For years, the comité sectoriel de main-d’œuvre des services automobiles (CSMO-Auto) has been promoting the automotive industry and its professions to various populations, including women. Given the current labour shortage, women represent a promising pool of potential employees. But the percentage of women in the industry is low at only 18%. What can be done to attract more women to this particular work environment?

Initiatives have been launched in the past. CSMO-Auto, for example, received a grant from Status of Women Canada to develop a mentoring model for women in the industry. Although the project was well-received, it proved difficult to implement when more needed to be done to improve the recruitment and integration of women in the workplace (integration involves women in non-traditional trades, such as mechanics, auto body repairers, technical advisors, and partspersons). The project confirmed the importance of talking to employers about hiring more women and improving HR practices in the workplace.

Other industries in which women are relatively rare have developed strategies to boost their appeal. The construction sector, for example, has devoted money and resources to the implementation of a special program designed to attract and integrate women. Competitors are already interested, and for good reason: vocational training centres have trouble attracting women, and not because of the physical nature of jobs.




Today’s job market offers women a growing number of positions in a wide variety of sectors. Turnover and the fact that more women are getting diplomas has made it easier for women to enter the workforce on a massive scale. In fact, the participation rate for all women aged 15 to 64 has increased from 46% in 1976 to 76% in 2015.

However, according to the Comité consultatif femme (CCF), “The problem of women’s access to employment and job retention has not yet been solved. The significant rise in the number of women on the job market over the last few decades does not imply a substantial improvement in living conditions.”



According to the CCF:

  • Women are drawn to traditionally female sectors, which offer lower-paying jobs than those typically filled by men.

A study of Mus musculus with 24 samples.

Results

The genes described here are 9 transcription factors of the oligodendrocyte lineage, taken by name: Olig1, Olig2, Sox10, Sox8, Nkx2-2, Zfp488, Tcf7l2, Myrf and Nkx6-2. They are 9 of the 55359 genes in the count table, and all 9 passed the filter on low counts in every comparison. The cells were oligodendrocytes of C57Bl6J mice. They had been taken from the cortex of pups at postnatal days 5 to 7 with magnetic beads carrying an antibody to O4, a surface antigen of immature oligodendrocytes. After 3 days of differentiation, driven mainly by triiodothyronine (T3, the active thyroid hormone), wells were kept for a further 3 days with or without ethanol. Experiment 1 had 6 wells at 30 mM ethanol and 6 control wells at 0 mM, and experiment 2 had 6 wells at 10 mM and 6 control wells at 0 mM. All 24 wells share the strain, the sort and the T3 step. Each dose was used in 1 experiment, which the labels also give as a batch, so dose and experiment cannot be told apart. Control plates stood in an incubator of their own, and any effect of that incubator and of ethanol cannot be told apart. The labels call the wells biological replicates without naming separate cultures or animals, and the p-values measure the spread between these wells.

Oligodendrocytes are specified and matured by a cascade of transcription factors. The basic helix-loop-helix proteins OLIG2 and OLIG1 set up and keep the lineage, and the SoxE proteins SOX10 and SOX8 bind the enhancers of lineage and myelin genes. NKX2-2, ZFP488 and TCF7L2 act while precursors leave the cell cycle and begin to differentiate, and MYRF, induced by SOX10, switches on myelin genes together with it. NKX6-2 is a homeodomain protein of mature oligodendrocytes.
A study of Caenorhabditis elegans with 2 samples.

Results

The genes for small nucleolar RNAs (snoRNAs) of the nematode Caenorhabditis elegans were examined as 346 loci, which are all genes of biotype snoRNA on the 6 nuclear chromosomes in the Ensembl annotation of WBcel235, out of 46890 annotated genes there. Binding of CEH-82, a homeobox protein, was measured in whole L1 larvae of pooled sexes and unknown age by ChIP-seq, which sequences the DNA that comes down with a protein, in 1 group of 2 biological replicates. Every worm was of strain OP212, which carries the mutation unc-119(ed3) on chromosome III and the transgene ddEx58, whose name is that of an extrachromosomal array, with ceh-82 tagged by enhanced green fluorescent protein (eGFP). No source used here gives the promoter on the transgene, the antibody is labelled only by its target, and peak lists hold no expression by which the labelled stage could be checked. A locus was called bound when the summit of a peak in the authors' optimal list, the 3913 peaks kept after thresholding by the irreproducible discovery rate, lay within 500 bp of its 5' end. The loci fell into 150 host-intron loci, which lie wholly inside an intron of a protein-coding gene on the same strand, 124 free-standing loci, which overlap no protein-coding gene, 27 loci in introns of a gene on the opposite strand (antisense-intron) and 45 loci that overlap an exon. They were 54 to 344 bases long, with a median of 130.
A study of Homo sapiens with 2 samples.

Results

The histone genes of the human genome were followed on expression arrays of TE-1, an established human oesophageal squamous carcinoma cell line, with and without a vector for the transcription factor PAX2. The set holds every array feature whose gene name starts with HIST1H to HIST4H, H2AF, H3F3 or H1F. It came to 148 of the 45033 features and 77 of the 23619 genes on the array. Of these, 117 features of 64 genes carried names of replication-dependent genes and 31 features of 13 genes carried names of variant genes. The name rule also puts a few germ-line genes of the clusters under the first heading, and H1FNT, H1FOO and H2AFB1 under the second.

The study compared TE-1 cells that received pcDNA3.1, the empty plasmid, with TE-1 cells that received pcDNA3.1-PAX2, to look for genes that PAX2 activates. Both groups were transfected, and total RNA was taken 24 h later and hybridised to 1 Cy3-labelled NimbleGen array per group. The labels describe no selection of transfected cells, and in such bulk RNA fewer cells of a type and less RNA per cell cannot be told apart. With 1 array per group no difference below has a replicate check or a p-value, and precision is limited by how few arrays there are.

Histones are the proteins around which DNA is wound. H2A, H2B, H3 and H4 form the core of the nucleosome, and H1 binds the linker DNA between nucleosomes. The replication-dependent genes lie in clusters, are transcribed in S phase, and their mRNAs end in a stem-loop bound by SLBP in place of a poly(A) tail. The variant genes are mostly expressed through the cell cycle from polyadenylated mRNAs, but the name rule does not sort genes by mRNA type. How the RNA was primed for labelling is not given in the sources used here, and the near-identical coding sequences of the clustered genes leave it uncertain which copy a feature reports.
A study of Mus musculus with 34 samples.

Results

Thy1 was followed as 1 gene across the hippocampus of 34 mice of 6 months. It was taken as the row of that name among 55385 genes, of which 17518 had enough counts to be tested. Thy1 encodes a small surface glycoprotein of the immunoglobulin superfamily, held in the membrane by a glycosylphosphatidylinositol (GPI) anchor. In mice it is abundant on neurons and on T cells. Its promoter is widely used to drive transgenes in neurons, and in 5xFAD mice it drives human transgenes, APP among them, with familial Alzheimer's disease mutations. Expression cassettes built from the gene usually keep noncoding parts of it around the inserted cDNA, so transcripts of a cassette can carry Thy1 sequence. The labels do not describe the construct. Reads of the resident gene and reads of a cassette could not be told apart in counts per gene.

• A woman’s annual income is still 25% less than that of a man.

More competitive and attractive workplaces offer women better working conditions and work-life balance. According to the CCF, “Work-school-life balance is still mostly a women’s issue. Having children creates challenges for women on the job market despite government programs for childcare and parental insurance.”

According to the latest CSMO-Auto study on work-life balance, twice as many women as men working in the automotive industry are also acting as a caregiver. The results of the study show that women take more time off work for their children and are often responsible for getting them to and from school.




The automotive industry is now 18% women, most of whom are employed as purchasing clerks (37%) and service representatives (34%).

In dealerships, women often work as technical advisors, sales associates, managers, and detailing technicians.

To attract and retain women, the automotive industry will need to compete with other sectors by supporting the implementation of fair employment conditions and work-life balance measures.

The following five work-life balance measures are key to keeping women in the workplace:

  • Flexible hours
    • Compressed work weeks
    • Staggered work schedules
    • Paid time off during spring break
  • A family leave bank

As discussed at the Sommet Solutions RH 2019, while these measures are effective at attracting women to the industry, they also represent a new HR approach that ensures all employees have access to a positive work environment. The industry needs to evolve as quickly as possible to better meet the needs of a new generation of workers.




One thing is certain, women are a major asset to the automotive industry. That said, we need to offer women more meaningful advancement opportunities if we hope to attract and retain more women in the future.

The industry has much to offer, but it is not the only one. In today’s job market, we need to do everything we can to stand out from other sectors.